American League’s Kenley Jansen, of the Boston Red Sox, walks with his family during the All-Star Game red carpet show on Tuesday in Seattle. Lindsey Wasson/Associated Press

The Red Sox got about as much screen time in the 2023 All-Star Game as they had players in it.

One player, one out.

Kenley Jansen was Boston’s lone representative on Tuesday night, and his moment on the mound lasted exactly one batter and three pitches.

It was a short, but selfless moment. Before the game, Team American League Manager Dusty Baker informed him that he’d close out the ninth inning should it be a save situation, but when Team NL put up a fight in the eighth and Felix Bautista’s pitch count rose to 28 with two outs and a runner on, Jansen agreed to get in the game early.

Jansen took the mound, fired three strikes, and walked off again. If someone left the room to get a glass of water, they probably missed the whole outing.

Since Brock Holt’s own solo jaunt in 2015, the Red Sox have had at least three All-Stars each season. Some Boston batters made legitimate cases this year, but ultimately, Jansen made the trip alone.


The erstwhile Los Angeles Dodger competing against a Team National League replete with former Red Sox greats highlighted the absence of current Boston stars. With Mookie Betts and J.D. Martinez in the starting lineup and Craig Kimbrel closing out the NL’s first All-Star victory since 2012, it wasn’t unlike a baseball-themed episode of the “Twilight Zone.”

At least Jansen got to be teammates with Nathan Eovaldi, who was one of several Texas Rangers representatives at the annual midsummer contest.

In many ways, the Red Sox’s All-Star Game experience was an oddly fitting microcosm of their season; things aren’t great, but they’re also not nearly as bad as they seem. Or, are things actually worse, because of how much better they should be?

This is a better baseball team than their place at the bottom of the standings suggests; at 48-43 (.527), the last-place Red Sox have a better record than every AL Central team. The other five last-place teams around the league are the Kansas City Royals (26-65), the Oakland A’s (25-67), the Washington Nationals (36-54), the St. Louis Cardinals (38-52) and the Colorado Rockies (34-57).

Boston’s lack of All-Stars, too, belies the talent on the roster. Ahead of the game, Toronto Blue Jays shortstop Bo Bichette paid a compliment to Alex Verdugo, Masataka Yoshida, Justin Turner and Devers, telling reporters, “They’re all having All-Star type of years.”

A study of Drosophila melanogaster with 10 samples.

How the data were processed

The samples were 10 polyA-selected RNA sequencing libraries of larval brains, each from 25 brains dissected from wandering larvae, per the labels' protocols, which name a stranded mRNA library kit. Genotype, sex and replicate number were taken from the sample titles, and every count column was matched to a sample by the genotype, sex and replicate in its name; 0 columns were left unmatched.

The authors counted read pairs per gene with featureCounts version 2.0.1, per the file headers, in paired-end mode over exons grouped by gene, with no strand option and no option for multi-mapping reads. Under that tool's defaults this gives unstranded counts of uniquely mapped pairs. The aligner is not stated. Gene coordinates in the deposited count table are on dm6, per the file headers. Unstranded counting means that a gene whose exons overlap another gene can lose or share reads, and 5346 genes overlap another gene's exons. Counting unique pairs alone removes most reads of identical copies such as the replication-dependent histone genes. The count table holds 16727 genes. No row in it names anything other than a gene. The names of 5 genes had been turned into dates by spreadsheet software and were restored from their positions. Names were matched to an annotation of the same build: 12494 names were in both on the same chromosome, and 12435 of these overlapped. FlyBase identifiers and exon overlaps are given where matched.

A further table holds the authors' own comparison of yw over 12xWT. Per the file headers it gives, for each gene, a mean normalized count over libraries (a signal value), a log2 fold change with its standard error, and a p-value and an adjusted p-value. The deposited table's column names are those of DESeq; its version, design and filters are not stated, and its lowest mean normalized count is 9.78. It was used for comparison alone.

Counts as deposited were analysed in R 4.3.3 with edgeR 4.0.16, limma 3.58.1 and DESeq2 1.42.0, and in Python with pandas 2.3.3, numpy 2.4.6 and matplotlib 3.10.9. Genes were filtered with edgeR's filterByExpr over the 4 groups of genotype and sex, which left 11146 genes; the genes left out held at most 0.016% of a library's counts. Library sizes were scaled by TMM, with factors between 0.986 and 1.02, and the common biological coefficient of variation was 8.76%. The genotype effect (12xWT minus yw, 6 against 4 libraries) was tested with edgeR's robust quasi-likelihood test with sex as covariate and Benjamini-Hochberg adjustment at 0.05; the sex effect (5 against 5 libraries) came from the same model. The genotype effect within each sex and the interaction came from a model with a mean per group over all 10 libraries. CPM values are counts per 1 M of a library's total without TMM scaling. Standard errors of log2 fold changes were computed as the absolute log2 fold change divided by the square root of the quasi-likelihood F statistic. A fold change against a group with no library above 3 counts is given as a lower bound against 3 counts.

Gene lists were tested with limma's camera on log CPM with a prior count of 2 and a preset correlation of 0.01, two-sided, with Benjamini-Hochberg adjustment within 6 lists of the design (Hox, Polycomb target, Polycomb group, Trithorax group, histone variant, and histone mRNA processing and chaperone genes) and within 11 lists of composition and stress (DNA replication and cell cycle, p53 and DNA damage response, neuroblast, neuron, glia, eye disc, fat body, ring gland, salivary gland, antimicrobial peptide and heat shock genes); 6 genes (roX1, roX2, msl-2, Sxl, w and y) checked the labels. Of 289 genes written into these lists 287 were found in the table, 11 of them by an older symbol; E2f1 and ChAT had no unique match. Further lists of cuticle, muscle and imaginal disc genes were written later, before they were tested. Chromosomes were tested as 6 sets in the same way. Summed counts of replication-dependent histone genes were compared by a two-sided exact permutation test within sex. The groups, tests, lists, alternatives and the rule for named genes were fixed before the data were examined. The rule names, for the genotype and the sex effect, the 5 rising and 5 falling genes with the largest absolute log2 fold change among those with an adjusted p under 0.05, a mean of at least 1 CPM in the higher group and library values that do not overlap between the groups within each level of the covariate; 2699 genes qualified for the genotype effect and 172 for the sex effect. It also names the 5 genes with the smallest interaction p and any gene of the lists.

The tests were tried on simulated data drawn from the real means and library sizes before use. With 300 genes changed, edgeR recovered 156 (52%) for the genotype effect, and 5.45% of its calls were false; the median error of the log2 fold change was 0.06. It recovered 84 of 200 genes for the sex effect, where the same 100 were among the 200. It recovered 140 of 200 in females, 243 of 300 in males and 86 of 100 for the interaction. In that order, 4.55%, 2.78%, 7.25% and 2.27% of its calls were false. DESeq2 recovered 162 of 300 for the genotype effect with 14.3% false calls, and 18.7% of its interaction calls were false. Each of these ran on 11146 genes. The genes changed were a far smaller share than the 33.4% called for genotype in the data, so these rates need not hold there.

Sifting and nitpicking through the leaderboards, Bichette is somewhat correct. Devers has the fourth-most home runs in the AL, Yoshida’s batting average and on-base percentage rank third and fourth and Verdugo is top-10 in most offensive metrics and arguably the league’s best defensive right-fielder. They may not have a single starting-lineup type of All-Star this year, but there were certainly worthy reserves.


The Red Sox haven’t managed much consistency this season, which somewhat obscures their true capabilities. Every team weathers injuries over the course of a 162-game season, but how many teams can lose three-fifths of their starting rotation (Chris Sale, Tanner Houck, Garrett Whitlock) between June 1 and July 2 and still manage the best record in baseball since June 14? They’ve cobbled together a middle infield without Trevor Story, Yu Chang, and Pablo Reyes, and are still a winning team. Boston leads the AL with 61 errors, including Kiké Hernández’s MLB-leading 15, and still have a better record than teams in better standing.

For all of those reasons and more, it’s no surprise Jansen is pushing for the Red Sox to buy, not sell, at the upcoming trade deadline. After all, if they can put together a winning record having already lost so much, what couldn’t they do?

“When I signed my two years here, I’m going to have my time invested here,” the veteran close said to the “Baseball Isn’t Boring” podcast. “I want to be dedicated here. First of all, I love this organization. I love this city. I think it’s a great organization. It’s a winning organization, so to me, I don’t think you should break it. Break it and then what?

“I think we’ve got a good team. We’re just a few pieces away from probably being a very, very good team.”

With the deadline looming, the question of how capable this team truly is, and whether they’re worth building up or tearing down, will be answered one way or another.